Number of servers calculation?

I am confused about No. of servers calculation—-
No. of active Users/Queries handled per server
Plugging in numbers from the assumptions outlined:
No. of active users = 510**6
Read Reqs per User=20 per day
Queries handled per server=500

Could you please break the calculation down, I am not able to figure out how the 10K number is arrived at.
I could be missing Smthg
Thanks and Regards

Course: Grokking Modern System Design Interview for Engineers & Managers - Learn Interactively
Lesson: Requirements of a Blob Store's Design - Grokking Modern System Design Interview for Engineers & Managers

Hi Roop_G, thanks for reaching out.

We assumed the following numbers:
Number of active users = five million = 5,000,000
Queries handled per server (The number of requests per second that a single blob store server can handle) = 500

Putting the above values in the No. of servers calculation formula gives us the following:
No. of servers = Number of active users/Queries handled per server = 5,000,000/500 = 10,000 =10K

I hope it helps. Let us know if you have any other questions or concerns. Thanks!


Hi Asmat,
thanks for clarification.
I see the capacity has been planned around No. of DAU and not their query/upload volume as in the worst case scenario all the users could be concurrent.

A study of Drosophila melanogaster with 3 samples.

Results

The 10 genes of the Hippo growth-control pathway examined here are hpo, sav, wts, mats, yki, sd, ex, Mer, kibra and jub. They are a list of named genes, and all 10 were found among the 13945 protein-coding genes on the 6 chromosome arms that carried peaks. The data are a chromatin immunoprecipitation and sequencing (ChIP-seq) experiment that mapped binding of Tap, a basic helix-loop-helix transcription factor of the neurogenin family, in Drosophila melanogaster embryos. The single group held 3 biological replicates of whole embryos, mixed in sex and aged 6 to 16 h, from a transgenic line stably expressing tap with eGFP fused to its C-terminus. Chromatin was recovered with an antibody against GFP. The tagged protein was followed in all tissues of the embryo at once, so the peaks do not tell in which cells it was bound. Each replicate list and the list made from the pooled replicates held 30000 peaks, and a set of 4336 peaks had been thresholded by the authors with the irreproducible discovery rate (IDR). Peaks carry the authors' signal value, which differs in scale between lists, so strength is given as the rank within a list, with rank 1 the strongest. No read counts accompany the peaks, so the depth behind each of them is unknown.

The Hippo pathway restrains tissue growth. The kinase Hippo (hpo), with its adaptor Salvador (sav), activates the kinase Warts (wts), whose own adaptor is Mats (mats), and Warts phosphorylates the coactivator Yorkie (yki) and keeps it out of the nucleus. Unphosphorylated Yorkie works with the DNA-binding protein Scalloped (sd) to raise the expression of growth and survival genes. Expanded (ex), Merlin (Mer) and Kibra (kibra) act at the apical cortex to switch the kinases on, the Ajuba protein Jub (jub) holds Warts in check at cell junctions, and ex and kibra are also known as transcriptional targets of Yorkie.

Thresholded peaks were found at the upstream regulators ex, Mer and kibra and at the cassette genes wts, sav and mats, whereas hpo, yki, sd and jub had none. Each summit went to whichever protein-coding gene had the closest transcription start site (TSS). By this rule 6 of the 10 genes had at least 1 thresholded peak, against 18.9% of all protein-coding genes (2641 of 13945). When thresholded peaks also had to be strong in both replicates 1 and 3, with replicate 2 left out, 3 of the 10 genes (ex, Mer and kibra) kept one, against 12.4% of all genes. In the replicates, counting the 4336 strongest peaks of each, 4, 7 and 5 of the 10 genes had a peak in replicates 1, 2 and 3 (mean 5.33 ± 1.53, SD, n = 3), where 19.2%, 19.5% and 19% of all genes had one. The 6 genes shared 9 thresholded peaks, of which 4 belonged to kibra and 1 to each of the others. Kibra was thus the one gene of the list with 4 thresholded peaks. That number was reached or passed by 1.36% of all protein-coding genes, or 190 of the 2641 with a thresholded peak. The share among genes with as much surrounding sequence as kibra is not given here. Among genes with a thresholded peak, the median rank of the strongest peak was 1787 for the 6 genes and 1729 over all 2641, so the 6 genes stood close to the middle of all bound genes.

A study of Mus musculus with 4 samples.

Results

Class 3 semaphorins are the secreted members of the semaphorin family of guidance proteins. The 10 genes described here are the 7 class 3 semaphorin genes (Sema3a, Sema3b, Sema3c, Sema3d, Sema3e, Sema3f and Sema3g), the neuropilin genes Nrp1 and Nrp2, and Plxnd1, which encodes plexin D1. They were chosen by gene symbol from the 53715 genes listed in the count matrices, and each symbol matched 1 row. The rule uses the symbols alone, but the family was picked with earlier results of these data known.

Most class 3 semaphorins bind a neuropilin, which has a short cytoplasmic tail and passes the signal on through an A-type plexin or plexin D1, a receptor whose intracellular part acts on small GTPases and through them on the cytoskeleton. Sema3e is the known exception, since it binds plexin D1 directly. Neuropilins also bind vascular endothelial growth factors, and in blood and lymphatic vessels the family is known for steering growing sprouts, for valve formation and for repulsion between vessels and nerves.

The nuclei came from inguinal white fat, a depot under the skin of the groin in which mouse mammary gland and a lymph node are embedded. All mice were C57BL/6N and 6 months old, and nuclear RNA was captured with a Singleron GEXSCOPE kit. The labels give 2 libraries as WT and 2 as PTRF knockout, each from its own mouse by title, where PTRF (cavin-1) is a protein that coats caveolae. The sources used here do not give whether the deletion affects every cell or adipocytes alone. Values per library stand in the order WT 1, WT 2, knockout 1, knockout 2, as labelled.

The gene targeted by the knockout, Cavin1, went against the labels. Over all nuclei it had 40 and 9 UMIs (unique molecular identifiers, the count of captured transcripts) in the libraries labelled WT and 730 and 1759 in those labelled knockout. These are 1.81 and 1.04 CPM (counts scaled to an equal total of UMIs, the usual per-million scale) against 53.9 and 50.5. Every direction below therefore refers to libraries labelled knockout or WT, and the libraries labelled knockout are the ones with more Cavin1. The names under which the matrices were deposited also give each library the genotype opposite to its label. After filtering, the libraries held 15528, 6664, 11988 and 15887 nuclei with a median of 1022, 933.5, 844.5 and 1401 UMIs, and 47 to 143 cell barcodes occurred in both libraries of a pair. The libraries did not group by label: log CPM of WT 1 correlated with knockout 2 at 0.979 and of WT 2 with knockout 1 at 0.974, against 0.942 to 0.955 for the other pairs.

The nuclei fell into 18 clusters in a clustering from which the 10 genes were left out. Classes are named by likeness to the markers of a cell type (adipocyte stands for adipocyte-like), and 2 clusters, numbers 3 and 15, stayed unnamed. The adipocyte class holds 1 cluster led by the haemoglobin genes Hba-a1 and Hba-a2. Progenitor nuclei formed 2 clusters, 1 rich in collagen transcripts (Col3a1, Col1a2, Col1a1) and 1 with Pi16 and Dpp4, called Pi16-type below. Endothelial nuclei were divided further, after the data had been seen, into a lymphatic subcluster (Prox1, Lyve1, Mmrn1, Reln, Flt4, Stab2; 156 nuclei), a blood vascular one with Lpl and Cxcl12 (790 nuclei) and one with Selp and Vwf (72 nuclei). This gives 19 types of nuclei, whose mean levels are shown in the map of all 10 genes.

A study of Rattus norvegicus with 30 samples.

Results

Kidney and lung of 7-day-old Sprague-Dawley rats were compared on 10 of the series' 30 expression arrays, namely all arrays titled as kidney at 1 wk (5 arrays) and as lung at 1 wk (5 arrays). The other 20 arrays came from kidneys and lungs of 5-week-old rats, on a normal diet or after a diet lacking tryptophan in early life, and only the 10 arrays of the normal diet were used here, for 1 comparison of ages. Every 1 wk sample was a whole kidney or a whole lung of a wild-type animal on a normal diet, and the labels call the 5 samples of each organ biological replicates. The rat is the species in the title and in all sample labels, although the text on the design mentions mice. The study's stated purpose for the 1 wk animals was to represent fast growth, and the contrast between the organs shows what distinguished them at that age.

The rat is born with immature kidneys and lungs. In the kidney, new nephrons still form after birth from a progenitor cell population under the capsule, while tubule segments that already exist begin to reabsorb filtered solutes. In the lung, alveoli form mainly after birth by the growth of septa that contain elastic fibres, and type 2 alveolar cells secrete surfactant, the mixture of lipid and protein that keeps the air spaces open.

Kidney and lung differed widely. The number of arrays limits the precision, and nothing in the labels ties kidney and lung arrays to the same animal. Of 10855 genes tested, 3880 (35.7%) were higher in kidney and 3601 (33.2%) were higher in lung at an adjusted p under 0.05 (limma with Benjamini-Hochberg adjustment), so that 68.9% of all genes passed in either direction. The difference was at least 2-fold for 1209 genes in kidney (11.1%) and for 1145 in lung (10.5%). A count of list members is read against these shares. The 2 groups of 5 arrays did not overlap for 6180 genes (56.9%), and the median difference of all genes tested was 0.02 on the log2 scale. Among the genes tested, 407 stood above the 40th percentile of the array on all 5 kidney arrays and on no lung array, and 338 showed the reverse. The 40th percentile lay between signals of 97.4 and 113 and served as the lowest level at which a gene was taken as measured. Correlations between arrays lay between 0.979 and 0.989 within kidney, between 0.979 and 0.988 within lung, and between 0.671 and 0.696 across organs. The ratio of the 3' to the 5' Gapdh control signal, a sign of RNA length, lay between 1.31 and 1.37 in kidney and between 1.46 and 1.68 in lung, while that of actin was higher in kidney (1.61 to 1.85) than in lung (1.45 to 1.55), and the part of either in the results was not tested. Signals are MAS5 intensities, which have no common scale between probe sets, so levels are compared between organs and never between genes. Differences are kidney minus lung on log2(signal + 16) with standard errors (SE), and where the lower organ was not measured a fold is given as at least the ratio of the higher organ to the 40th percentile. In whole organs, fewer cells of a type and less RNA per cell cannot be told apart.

Pardon me for the typos in the question:
I meant the following
No. Of active users= 5 x 10 pow 6
Read Requests per user = 20 per day
Total Uploads in a day = 250000
Uploads per second = 250000/86400 = approx 2.5
Query load on the system per second: ((5 x 10 pow 6) x 20)/86400 = approx 1000QPS read and 2.5 QPS writes = approx 1200 QPS overall(given write could be more expensive)

So my confusion was around that if a Blob server can handle 500 QPS then the capacity planned needs to be = 1200/500 x 3(Replication factor). = 8 x 3 = 24



The calculation that you have done is logical and good enough to be presented in an interview, and it seems to work best if we have a uniform distribution of requests during the day. Dividing per-day read requests and uploads equally in each second of the day gives us a uniform distribution of requests, which is the ideal case.

However, the formula we presented assumes that all daily active users are concurrently requesting and that each user generates one request per second. It covers the request load during peak hours. But of course, besides peak hours, our servers will mostly be idle. And for this, we can use the elasticity concept for resources, as we acquire resources when needed and give back resources to the provider when there is no need.

Your method and our method can be considered two ends of the estimation spectrum—yours is like the best case, and ours is like the worst case. Ideally, in an interview, a candidate can present both.

Our number of servers calculation does not assume the request size. We assume that, on average, our single blob store server handles 500 requests per second. There is a separate calculation for bandwidth and storage.

We are open to any other questions or concerns. Thanks for such constructive feedback.